Montreal wheelchair users are itching for a green light for their $100 million class action lawsuit to force the STM transit authority to make metro stations and city buses fully accessible.

The suit, if approved by the courts, would ask for $5,000 for 20,000 possible wheelchair-using claimants. It's similar to ones that have been set in motion in other North American cities but have always ended with out-of-court settlements.

Those out-of-court settlements are considered victories by advocates for those with disabilities, since they forced transit agencies to improve accessibility.

In the current system in Montreal, wheelchair users are shuttled around on the dedicated Adapted Transit network, however that requires advance bookings which makes travel difficult on short notice.

Nibila Nouara told CTV Montreal Wednesday that her inability to take buses and metros prevents her from going places with her two teen daughters. “I can’t take the public transit with my daughters, it’s very frustrating,” she said.

One Adapted Transit user said that he has known both worlds and the non-wheelchair world of public transit is much easier.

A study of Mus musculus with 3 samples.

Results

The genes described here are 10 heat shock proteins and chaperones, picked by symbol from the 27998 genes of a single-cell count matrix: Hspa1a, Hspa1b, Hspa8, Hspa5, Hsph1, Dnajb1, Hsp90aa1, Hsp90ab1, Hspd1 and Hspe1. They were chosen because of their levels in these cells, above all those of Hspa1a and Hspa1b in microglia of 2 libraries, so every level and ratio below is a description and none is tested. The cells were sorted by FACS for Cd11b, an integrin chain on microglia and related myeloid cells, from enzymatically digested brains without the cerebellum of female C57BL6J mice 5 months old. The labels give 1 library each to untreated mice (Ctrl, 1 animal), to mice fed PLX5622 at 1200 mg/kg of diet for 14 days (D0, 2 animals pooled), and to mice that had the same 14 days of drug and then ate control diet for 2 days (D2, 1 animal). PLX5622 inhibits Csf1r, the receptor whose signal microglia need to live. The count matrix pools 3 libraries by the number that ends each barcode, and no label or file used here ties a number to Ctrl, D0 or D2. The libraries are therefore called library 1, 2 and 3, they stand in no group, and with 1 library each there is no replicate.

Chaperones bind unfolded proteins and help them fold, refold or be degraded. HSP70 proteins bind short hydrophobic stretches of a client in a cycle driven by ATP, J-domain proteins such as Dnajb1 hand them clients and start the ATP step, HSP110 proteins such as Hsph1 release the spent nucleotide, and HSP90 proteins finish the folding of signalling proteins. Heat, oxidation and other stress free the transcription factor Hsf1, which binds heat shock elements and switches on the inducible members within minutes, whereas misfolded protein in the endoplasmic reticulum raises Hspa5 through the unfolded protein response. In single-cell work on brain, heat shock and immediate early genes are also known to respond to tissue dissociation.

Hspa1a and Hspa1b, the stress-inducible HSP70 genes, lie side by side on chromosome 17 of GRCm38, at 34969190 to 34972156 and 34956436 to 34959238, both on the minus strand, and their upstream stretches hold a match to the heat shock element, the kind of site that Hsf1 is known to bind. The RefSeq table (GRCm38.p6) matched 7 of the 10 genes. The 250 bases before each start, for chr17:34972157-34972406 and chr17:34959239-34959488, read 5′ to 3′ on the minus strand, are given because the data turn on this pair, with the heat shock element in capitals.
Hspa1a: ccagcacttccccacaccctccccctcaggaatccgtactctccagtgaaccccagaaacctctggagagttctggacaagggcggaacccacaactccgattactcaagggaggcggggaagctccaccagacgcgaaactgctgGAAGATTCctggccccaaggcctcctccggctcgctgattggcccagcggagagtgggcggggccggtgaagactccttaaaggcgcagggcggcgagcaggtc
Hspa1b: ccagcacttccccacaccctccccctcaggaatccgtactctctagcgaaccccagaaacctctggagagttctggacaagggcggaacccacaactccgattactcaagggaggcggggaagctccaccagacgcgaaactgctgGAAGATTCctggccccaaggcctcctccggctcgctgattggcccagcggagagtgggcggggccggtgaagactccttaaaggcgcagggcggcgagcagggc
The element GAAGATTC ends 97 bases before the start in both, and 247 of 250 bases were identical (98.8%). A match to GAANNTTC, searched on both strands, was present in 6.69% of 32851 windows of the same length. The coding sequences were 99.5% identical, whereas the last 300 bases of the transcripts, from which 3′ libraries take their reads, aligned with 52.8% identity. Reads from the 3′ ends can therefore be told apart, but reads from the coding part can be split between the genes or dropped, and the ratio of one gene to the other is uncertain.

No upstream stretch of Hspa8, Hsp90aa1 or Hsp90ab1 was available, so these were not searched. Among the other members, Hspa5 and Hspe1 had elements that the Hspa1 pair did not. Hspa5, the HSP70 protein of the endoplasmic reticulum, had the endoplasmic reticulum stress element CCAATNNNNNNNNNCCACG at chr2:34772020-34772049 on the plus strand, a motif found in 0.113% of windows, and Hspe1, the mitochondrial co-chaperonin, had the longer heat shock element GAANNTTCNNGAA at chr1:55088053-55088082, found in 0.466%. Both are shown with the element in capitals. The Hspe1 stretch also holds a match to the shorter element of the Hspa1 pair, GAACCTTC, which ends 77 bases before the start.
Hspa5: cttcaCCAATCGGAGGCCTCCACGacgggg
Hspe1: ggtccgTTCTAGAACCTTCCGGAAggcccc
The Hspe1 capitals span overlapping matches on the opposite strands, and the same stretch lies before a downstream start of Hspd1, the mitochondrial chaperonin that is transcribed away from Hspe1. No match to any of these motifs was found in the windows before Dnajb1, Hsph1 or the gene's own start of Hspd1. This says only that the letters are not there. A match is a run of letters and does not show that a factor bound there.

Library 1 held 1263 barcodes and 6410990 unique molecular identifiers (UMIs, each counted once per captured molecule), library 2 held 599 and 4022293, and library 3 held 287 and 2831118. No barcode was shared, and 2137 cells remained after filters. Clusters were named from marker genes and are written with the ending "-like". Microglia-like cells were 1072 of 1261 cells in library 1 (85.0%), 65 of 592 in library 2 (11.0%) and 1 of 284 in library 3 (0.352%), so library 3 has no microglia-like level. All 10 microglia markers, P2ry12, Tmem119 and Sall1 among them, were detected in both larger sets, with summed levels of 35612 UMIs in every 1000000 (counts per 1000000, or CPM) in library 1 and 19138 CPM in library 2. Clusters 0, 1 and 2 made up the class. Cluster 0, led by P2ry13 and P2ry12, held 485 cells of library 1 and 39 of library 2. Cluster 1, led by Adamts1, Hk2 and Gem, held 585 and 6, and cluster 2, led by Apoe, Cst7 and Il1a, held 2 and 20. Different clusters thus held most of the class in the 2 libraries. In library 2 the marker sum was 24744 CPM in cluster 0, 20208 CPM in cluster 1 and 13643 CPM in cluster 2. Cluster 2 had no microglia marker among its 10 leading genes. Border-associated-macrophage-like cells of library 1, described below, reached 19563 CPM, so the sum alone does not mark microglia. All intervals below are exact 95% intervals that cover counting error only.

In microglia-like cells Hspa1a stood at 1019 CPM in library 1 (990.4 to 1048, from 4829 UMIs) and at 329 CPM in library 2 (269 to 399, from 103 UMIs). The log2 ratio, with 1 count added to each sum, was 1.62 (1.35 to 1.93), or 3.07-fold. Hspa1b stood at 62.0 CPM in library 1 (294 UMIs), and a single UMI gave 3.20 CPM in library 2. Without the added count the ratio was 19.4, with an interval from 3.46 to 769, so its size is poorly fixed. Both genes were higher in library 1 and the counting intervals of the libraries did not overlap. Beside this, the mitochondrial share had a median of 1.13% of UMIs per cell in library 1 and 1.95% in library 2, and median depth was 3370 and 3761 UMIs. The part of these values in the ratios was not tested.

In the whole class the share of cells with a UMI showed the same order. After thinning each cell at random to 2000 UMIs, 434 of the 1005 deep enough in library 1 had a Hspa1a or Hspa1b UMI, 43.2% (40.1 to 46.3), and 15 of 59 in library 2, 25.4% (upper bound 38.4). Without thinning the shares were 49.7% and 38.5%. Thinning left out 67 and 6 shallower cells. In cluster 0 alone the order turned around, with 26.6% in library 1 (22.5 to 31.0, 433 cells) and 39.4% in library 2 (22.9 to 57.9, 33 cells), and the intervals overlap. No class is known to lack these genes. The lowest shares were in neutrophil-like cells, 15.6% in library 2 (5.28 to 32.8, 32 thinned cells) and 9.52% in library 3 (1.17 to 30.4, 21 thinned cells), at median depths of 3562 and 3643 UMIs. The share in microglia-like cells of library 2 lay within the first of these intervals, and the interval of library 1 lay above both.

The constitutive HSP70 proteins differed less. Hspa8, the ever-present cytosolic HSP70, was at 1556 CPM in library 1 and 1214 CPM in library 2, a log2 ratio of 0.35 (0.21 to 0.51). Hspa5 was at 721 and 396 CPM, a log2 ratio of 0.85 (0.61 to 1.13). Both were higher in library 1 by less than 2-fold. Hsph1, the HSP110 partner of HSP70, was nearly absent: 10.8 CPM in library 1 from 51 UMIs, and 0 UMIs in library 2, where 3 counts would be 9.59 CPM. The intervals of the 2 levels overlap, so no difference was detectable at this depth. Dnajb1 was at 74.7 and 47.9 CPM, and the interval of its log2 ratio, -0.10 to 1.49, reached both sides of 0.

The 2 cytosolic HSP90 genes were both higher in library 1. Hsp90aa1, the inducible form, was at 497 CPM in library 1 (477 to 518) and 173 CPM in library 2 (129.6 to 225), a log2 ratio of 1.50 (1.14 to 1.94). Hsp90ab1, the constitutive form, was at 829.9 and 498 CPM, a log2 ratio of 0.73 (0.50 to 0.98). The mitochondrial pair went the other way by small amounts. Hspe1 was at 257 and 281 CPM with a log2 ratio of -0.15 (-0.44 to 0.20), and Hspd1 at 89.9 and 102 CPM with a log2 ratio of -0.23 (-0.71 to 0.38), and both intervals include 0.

“I wasn’t always dependent on the wheelchair to go around, so I know the experience of the metro and the bus. Public transit can be a huge asset in everyday life,” said Martin Juneau.

Renovations are slowly being made to install elevators in metro stations. Last December Champs de Mars began the eighth of 68 metro stations to be so equipped. The elevators cost about $15 million each to install, with three quarters of that sum paid by the province.

Jean Talon should also be equipped with an elevator later this year, while Snowdon, Rosemont and Place D’Armes are slated to become elevator-equipped in 2016.

STM Chairman Philippe Schnobb is urging patience. "I can understand that it might not be the speed that people would like us to be doing it but we're doing things,” he said.